Trump Entertainment Resorts Inc.'s Taj Mahal in Atlantic City will survive as part of billionaire Carl Icahn's empire under a bankruptcy restructuring plan approved by a federal judge Thursday.

Trump Entertainment, which also owns the shuttered Trump Plaza, adds to Icahn's gaming venues in the downtrodden seaside town, joining the Tropicana, which the investor acquired out of bankruptcy five years ago.

"The Taj will remain open," U.S. Bankruptcy Judge Kevin Gross said at a hearing in Wilmington. "And it will be a successful venture."

The decision brings a close to a bankruptcy in which Trump Entertainment found itself on the brink of liquidation multiple times. The company had threatened to close the Taj over disputes with its union.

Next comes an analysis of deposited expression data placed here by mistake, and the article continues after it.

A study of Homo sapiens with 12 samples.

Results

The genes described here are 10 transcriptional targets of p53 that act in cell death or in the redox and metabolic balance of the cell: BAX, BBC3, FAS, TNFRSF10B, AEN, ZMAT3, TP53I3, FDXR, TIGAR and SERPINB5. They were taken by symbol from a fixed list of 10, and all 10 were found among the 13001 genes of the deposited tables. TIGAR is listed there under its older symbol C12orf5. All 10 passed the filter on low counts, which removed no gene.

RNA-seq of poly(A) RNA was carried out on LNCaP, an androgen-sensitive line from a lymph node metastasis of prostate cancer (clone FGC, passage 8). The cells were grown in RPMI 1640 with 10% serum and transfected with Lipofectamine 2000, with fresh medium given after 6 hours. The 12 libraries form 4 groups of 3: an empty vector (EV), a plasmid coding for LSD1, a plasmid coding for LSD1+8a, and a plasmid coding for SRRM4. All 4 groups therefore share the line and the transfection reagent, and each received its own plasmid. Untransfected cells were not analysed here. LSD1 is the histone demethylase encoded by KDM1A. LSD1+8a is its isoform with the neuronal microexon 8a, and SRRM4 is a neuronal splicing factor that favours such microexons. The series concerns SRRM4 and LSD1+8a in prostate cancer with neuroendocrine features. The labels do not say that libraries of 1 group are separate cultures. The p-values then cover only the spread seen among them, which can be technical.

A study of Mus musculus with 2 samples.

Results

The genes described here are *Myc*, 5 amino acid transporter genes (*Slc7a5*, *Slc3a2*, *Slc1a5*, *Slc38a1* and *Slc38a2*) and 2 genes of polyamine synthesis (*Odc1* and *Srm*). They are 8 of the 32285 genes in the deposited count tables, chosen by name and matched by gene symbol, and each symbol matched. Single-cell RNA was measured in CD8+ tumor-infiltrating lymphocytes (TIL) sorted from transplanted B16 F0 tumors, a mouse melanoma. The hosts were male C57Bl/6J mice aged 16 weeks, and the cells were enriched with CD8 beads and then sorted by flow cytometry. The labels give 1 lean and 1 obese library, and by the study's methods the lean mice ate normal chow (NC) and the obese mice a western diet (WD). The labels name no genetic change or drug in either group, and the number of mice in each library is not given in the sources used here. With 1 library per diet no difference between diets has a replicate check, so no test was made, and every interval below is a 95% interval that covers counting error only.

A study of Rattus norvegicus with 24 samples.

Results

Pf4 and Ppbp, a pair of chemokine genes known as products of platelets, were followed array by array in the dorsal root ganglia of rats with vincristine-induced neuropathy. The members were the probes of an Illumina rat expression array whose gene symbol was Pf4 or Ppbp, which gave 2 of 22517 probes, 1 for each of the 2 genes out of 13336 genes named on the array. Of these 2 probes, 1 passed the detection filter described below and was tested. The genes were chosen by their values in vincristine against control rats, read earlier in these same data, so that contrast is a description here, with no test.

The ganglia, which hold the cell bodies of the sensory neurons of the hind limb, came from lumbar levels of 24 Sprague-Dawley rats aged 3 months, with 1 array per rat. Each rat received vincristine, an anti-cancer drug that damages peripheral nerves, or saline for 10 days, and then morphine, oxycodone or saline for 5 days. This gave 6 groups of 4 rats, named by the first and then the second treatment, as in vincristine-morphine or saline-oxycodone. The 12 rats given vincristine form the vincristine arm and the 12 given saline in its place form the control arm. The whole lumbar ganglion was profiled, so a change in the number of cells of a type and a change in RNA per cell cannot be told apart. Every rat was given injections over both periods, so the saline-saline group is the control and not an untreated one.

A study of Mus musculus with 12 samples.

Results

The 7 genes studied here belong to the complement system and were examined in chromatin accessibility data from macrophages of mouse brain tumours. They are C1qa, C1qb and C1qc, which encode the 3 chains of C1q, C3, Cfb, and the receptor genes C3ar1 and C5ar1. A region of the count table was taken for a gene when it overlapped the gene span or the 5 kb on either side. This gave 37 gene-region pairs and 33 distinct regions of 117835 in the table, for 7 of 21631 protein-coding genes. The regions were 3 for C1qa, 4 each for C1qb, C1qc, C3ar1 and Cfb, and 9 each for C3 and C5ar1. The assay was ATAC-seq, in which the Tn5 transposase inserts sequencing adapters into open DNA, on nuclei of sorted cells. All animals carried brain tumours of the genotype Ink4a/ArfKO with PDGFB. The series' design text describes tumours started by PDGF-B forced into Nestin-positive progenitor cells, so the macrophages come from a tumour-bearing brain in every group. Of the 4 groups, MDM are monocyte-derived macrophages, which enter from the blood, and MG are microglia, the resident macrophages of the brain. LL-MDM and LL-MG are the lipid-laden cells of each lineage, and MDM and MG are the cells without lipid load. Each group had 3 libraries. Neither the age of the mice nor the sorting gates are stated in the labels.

Trump Entertainment filed for bankruptcy Sept. 9 and shut the Plaza days later. It was one of four Atlantic City casinos that closed last year.

Lenders controlled by Icahn provided Trump Entertainment $20 million in bankruptcy financing to help fund operations until the turnaround plan takes effect.

Under the plan, the Icahn lender group gets control of both casinos by converting about $292 million of debt into equity in the reorganized company. The Icahn group will also provide $13.5 million to fund the Taj after it exits court protection.

The casino owner was able to eliminate most opposition to the plan, striking a deal with unsecured creditors last month and with Donald Trump on Monday.

But the plan hinges on an appeals court's rejecting a union's challenge to the judge's decision last year to terminate an expired contract, allowing the company to shed pension and health-care obligations.

This article contains information from the Associated Press.